Six Britons have been arrested for their role in an international global cyber crime ring that specialised in trafficking stolen credit card information.
Twenty-four people have been arrested globally, including 11 in the US, two in Bosnia, one each in Bulgaria, Norway and Germany and two in Italy and Japan. The FBI announced yesterday that one of the Americans is Mir Islam, who uses the alias ‘JoshTheGod', and is purported to be the leader of the UGNazi hacking group.
The FBI has said that this is the largest coordinated international law enforcement action in history directed at ‘carding' crimes, offences in which the internet is used to traffic and exploit stolen credit cards, bank accounts and other personal identification information of hundreds of thousands of victims globally.
The two-year FBI operation involved establishing an undercover carding forum called ‘Carder Profit' that enabled users to discuss various topics related to carding and to communicate offers to buy, sell and exchange goods and services related to carding. This site enabled the FBI to identify cyber criminals and investigate their activities.
The site was also configured to allow the FBI to monitor and record the discussion threads posted to the site, collect user's contact details and store private messages sent through the site between registered users while recording the users' IP addresses.
It also imposed restrictions to site membership from time to time to individuals with established knowledge of carding techniques or interest in criminal activity. For example, some new users were prevented from joining the site unless they were recommended by two existing users who had registered with the site or unless they paid a registration fee. The site was taken offline in May 2012.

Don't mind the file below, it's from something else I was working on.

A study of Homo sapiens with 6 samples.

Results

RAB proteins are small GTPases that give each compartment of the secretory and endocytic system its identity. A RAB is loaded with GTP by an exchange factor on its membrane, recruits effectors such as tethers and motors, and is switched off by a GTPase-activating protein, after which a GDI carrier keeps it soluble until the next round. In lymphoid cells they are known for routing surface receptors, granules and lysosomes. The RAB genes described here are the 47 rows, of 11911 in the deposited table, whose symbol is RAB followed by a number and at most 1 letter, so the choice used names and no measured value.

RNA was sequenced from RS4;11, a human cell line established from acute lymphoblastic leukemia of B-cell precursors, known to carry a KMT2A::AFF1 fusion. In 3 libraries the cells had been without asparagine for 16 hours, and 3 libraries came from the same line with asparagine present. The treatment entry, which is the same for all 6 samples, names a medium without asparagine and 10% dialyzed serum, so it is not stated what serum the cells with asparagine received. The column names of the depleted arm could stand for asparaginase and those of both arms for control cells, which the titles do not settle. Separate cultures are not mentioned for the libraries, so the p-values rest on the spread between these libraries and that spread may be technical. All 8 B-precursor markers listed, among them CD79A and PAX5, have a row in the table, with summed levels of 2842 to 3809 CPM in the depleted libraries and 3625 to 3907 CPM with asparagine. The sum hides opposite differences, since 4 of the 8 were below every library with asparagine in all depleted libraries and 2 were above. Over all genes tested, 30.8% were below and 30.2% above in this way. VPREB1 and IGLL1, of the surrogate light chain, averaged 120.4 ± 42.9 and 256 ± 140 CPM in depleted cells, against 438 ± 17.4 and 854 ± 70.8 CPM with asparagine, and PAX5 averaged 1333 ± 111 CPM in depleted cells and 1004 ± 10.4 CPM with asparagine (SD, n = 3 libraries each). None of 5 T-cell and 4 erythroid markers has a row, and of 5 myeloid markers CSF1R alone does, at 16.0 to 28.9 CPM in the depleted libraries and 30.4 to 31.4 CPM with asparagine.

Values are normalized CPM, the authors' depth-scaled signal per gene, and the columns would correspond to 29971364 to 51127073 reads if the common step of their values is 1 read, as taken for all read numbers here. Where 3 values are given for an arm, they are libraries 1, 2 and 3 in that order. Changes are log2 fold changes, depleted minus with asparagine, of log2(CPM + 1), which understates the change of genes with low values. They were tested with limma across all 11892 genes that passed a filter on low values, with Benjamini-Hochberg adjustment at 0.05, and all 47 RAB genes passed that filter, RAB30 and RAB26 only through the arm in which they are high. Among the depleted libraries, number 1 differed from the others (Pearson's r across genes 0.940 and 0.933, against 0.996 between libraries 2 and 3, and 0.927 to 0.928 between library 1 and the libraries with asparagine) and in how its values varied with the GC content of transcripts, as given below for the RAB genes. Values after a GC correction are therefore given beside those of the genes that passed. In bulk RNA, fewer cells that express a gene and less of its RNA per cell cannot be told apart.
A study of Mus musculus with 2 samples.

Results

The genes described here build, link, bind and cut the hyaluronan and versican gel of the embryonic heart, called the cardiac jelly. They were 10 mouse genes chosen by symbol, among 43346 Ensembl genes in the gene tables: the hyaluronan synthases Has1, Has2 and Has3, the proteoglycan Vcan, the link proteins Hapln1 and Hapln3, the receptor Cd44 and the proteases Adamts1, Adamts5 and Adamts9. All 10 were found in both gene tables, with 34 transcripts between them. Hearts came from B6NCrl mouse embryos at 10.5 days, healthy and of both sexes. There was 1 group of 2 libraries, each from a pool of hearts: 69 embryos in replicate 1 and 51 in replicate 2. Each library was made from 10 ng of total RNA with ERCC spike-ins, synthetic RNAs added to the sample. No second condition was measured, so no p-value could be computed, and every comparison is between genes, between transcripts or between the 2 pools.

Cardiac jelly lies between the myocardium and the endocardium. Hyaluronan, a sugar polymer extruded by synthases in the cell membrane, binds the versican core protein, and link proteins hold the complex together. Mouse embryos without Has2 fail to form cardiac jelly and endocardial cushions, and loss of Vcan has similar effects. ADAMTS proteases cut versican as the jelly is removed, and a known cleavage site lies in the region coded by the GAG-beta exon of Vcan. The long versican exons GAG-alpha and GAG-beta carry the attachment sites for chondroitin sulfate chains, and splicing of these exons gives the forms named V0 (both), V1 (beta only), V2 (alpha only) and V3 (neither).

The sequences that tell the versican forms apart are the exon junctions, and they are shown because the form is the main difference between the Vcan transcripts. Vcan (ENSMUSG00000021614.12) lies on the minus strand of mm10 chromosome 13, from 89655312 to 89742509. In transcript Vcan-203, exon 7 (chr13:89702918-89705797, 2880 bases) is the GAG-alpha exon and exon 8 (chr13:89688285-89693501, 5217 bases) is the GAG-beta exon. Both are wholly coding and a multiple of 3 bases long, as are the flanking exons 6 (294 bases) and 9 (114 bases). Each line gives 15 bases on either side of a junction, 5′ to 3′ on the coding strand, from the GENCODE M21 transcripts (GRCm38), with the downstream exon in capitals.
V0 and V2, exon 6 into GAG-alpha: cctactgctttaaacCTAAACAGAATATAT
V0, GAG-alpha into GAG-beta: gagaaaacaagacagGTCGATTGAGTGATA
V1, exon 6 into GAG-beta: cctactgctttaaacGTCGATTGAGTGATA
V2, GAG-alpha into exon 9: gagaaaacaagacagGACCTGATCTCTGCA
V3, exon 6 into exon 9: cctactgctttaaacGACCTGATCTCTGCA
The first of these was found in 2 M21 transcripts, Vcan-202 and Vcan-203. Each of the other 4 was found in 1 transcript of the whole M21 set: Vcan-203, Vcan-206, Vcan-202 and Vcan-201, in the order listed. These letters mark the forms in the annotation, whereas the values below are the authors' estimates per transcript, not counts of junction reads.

Prosecutors said that Mir Islam was also the founder of Carders.org, an online carding forum similar to the sting site. Authorities picked up Islam on Monday night in Manhattan when he met an undercover FBI agent, whom he believed was a fellow ‘carder' - to collect cloned credit cards containing stolen information. Islam was arrested when he tried to use one of the cards to withdraw cash.
Preet Bharara, Manhattan US Attorney, said: “The allegations unsealed today chronicle a breathtaking spectrum of cyber schemes and scams. Individuals sold credit cards by the thousands and took the private information of untold numbers of people.
“As alleged, the defendants casually offered every strip of malware and virus to fellow fraudsters, even including software-enabling cyber voyeurs to hijack an unsuspecting consumer's personal computer camera. To expose and prosecute individuals like the alleged cyber criminals charged today will continue to require exactly the kind of coordinated response and international cooperation that made today's arrests possible.”